Published January 14, 2015
Means endorsed Thune earlier this year, saying Republicans could help change federal Indian policy, and the two had appeared together at some campaign events. But Means said the Thune campaign never responded after he proposed a plan in April designed to win Thune more support from Indian voters in his challenge of Democratic Sen. Tom Daschle (search).
"I honestly tried to be a Republican, but the campaign proposal, Thune campaign officials never contacted him and never returned his telephone calls. He said a friend close to the campaign told him Thune's campaign has limited funds and that a state Republican Party program is handling get-out-the-vote efforts.
Thune said Thursday he still wants Means' help, but the campaign does not have enough money to finance all the get-out-the vote programs Means and others have proposed.
"I don't think we were able to fully do all the things he wants us to do, but we're trying to do the things we can do, that we're able to do," Thune said.
"I guess I take issue with the notion there hasn't been communication because we've been trying to continually work with him throughout the process," Thune said. "We've got folks who are talking to him on what I would say is a fairly regular basis and we'll continue to stay in contact."
Means, a leader in the 1973 Wounded Knee takeover and other protests against government Indian policies, now is an actor and politician. He is running for president of the Oglala Sioux Tribe this year.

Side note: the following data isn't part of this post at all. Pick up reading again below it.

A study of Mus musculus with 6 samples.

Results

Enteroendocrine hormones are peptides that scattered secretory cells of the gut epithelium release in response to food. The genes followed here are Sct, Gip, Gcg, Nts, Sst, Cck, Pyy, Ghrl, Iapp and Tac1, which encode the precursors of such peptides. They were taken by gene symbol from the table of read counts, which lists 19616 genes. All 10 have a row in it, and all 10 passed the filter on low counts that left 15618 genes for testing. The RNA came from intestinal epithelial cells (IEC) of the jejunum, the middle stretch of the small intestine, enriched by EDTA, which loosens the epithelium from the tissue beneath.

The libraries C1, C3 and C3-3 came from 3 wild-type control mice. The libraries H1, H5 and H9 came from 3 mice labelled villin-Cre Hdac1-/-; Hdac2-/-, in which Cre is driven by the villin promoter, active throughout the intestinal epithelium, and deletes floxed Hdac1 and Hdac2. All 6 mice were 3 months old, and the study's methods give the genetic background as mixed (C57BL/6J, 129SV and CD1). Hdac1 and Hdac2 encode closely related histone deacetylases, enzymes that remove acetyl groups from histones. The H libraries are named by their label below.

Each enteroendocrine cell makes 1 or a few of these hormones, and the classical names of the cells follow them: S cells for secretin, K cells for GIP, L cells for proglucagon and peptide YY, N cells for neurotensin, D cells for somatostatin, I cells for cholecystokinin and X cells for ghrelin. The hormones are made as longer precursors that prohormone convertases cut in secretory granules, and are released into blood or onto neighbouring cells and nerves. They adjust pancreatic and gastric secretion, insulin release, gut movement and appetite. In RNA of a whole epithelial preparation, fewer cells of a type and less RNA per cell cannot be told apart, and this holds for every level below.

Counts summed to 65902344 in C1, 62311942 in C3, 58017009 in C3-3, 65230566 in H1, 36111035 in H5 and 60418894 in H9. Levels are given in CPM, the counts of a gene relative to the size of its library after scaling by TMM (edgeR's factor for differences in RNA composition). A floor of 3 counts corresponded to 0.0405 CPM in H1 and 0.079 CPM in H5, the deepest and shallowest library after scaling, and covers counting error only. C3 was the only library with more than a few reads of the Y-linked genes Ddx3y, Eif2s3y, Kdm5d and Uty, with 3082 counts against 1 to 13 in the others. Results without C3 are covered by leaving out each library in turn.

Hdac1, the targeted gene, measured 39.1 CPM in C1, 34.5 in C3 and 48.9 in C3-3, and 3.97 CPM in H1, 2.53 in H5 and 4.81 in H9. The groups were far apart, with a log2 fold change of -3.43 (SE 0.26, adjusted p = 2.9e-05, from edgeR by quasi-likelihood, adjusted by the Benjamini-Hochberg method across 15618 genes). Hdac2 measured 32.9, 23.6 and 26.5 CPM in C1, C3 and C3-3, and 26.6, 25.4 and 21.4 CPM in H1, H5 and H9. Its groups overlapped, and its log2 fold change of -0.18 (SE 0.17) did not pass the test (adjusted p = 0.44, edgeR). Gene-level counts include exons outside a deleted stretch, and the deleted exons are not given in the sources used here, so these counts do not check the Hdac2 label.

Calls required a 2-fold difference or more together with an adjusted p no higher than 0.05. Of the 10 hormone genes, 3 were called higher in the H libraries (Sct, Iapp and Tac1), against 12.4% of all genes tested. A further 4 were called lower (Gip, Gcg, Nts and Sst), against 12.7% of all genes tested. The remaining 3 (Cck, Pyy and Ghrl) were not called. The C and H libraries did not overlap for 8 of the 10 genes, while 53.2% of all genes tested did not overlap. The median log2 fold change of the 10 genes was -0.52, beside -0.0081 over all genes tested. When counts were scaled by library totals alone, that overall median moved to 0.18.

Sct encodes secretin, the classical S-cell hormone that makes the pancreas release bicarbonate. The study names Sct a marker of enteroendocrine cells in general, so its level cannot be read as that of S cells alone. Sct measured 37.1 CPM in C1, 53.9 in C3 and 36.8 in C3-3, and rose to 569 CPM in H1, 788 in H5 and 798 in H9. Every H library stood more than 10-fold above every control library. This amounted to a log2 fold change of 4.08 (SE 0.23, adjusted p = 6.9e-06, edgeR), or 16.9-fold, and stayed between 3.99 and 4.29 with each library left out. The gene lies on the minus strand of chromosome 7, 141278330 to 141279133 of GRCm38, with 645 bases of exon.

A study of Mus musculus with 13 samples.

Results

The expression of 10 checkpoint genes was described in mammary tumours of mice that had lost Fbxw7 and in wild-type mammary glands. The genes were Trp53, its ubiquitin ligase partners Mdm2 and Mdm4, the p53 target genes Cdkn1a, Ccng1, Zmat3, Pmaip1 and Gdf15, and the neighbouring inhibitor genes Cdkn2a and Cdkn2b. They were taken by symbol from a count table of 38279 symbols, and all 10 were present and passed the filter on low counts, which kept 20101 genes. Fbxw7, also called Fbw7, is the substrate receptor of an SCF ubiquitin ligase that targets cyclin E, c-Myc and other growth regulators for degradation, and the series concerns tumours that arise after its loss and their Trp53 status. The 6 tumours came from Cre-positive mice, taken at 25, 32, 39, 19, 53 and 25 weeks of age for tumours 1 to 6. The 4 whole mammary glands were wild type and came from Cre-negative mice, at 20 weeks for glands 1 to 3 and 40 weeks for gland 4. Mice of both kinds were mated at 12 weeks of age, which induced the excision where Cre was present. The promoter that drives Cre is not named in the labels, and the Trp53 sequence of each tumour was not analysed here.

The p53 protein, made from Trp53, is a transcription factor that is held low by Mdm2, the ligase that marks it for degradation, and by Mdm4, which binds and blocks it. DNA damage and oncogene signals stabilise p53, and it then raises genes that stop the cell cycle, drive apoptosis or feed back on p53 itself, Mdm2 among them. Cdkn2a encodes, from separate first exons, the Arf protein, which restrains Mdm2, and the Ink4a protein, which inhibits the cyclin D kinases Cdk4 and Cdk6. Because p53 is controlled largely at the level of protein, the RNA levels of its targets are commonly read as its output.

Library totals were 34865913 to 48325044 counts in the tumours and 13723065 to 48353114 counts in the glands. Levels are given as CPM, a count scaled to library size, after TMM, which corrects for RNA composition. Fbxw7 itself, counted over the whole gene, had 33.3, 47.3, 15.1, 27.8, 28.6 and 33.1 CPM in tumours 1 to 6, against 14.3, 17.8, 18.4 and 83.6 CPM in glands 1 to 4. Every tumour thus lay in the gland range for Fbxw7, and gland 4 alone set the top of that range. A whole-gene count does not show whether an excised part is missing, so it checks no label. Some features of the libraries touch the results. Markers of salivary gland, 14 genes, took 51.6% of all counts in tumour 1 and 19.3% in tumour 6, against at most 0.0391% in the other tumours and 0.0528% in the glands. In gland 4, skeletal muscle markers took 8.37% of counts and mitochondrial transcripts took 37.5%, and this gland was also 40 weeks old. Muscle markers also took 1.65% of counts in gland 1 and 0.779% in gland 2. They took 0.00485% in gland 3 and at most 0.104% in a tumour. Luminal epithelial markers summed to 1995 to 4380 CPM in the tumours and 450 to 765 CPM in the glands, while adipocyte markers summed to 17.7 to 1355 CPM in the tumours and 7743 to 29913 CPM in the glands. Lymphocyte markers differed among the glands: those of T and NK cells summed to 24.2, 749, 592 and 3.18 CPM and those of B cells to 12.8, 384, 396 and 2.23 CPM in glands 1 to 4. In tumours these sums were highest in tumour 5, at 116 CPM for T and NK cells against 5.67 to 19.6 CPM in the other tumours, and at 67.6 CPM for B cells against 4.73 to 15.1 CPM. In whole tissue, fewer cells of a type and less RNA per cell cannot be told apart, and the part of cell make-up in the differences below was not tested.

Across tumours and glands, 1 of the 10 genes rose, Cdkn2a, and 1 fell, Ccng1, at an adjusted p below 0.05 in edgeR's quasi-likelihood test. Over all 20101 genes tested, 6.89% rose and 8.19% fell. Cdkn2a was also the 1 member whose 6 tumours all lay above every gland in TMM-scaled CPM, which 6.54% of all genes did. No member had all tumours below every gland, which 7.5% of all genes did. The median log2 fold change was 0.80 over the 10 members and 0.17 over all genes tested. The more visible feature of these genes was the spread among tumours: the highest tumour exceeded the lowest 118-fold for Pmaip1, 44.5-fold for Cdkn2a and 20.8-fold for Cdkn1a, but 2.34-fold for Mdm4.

Means said he had guaranteed that Thune could get 4,000 more votes from Indians if he embraced Means' campaign proposals — a swing that could tip a close election. In 2002, Thune lost to Democratic Sen. Tim Johnson by 524 votes, and this year's race also is expected to be close.
The proposal included:
— Dealing with black mold in Indian housing built by the federal government.
— Bringing some actor friends to South Dakota to campaign for Thune and to hold a movie premiere in the state.
— Having Thune invite a Harvard doctor who wants to conduct a study of health needs on the Pine Ridge Indian Reservation.
Thune said he agrees the black-mold problem and other issues need to be discussed. "We want to be engaged in being part of the solution to that problem," the Republican Senate candidate said.
"Russell gives voice to a group of people on the reservations who I don't think get heard from much," Thune said. "His message, I think, is a very powerful and compelling one, and it's one that I have embraced."
Means also has proposed a plan to get companies to locate plants on Indian reservations instead of moving them to other countries. Companies have moved jobs overseas because of the high cost of wages, health insurance and unions, but Indian reservations could offer economical options to such companies, he said.
Means is a Libertarian who supports Ralph Nader for president because he believes that both Republicans and Democrats can't deal with the problems of Indian reservations and the rest of the nation. He said he hopes a strong third party can be formed by the 2008 election.
Reservation voters likely will support Daschle in November because they have voted Democratic for decades, even though the Democratic Party has pursued policies that harmed Indians, Means said. Republicans will show up at some reservation events, but such campaigning will not win them many votes, he said.
"I tried to help the Republicans. They didn't want my help," Means said.